Trend/seasonal decomposition is useful to understand, clean, and leverage your time series data. Not only is it necessary to retrieve seasonally-adjusted data, but it is also relevant for anomaly detection. This recipe decomposes the numerical columns of your time series into three components: trend, seasonality and residuals. The recipe relies on STL, seasonal and trend decomposition using Loess. For more information, see Statsmodel’s documentation.
The decomposition recipe only supports Python 3.6.
Data that consists of equispaced n-dimensional time series in wide or long format.
Column with parsed dates and no missing values:
To parse dates, you can use a Prepare recipe.
To fill missing values, you can use the Time Series Preparation Resampling recipe.
Frequency of the time column, from year to minute:
For minute and hour frequency, you can select the number of minutes or hours.
For week frequency, you can select the end-of-week day.
Length of the seasonal period in selected frequency unit.
For example, season length is 7 for daily data with a weekly seasonality
Season length is 4 for a 6H frequency with a daily seasonality
Time series columns that you want to decompose. It must be numeric (int or float). You can select one or multiple columns.
Long format checkbox¶
Indicator that the input data is in the long format. See Long format.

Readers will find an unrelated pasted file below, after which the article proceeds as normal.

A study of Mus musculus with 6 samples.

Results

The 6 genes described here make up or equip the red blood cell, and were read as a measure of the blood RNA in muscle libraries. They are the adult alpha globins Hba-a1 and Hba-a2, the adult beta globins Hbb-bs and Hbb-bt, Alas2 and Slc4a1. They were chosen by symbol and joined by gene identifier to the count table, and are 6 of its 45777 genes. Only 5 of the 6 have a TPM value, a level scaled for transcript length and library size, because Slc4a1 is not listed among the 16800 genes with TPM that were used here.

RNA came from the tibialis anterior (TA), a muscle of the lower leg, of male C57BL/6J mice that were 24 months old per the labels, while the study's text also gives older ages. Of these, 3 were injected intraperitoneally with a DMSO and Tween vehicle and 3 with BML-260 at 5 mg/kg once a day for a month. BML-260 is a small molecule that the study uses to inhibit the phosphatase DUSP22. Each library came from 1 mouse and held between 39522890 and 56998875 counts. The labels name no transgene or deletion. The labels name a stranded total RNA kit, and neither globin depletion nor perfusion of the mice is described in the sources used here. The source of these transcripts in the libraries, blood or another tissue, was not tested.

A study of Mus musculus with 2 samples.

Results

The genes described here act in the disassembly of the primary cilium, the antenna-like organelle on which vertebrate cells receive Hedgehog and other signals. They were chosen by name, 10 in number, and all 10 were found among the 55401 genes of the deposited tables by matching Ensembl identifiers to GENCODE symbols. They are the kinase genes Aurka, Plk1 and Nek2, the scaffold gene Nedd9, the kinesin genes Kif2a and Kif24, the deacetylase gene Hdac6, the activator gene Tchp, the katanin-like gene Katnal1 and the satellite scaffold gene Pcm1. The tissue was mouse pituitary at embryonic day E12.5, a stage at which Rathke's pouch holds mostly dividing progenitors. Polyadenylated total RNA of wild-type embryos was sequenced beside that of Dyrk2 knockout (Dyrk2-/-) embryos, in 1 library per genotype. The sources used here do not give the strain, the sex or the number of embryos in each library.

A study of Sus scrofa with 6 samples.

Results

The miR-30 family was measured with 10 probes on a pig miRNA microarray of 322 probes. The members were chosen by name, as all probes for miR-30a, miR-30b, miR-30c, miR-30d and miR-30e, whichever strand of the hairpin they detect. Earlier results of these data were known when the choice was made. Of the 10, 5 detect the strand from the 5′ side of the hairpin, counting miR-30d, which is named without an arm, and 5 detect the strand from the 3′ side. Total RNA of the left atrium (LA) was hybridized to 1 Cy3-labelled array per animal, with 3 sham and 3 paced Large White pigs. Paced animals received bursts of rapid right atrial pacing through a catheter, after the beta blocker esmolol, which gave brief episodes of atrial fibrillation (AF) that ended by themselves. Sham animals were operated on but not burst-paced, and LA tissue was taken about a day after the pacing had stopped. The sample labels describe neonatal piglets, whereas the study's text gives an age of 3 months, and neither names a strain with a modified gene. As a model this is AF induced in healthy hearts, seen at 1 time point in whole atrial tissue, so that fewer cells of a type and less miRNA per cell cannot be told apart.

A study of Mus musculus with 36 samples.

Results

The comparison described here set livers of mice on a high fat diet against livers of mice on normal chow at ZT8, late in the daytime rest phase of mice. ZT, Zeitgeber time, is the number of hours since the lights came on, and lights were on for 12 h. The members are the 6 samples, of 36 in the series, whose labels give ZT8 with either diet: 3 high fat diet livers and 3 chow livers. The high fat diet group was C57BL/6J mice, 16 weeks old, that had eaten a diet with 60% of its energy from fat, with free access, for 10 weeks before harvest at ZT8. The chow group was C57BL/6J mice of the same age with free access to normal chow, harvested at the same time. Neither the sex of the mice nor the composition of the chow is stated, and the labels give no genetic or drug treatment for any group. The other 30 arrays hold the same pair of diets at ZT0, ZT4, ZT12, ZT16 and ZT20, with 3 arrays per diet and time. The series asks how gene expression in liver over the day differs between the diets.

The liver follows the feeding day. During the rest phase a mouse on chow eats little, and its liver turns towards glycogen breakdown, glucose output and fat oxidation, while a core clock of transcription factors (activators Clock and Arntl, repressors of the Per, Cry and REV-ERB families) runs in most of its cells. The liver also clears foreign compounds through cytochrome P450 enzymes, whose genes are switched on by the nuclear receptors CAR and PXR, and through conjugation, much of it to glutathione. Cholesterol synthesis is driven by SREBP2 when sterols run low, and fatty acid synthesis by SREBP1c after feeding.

Time series identifiers¶
The names of the columns that contain identifiers for the time series when the input data is in the long format. This parameter is available when you enable the “Long format” checkbox. You can select one or multiple columns.
The decomposition model of your time series. It may be :
Additive : Time series = trend + seasonality + residuals
Multiplicative : Time series = trend × seasonality × residuals
If the magnitude of the seasonality varies with the mean of the time series, then the series is multiplicative. Otherwise, the series is additive.
A multiplicative model is only compatible with positive numerical values.
For multiplicative STL, the recipe first takes the logarithms of the data, then computes an additive decomposition and finally back-transforms the data.
The window size used to estimate the seasonal component in STL decompositions. It must be an odd integer greater than 7. It controls how rapidly the seasonal component can change.
Robust to outliers¶
If selected, the estimation will re-weight data, allowing the model to tolerate larger errors.
The map parameter enables you to add any other parameter of the Statsmodel STL function . To add a parameter, click on “ADD KEY/VALUE”, then enter the parameter name as the ‘key’, and the parameter value as the ‘value’. You may use the following parameters:
Degree of Loess: Degrees of the regressions used to estimate the components. It must be 0 or 1.
Speed jump: If the speed jump is larger than 1, the LOESS is used every seasonal_jump points. Then, it performs linear interpolation to estimate the missing points.
Length of the smoothers: Number of consecutive timesteps (years, weeks..) used in estimating each value in the decomposition components. It controls how rapidly a component can change.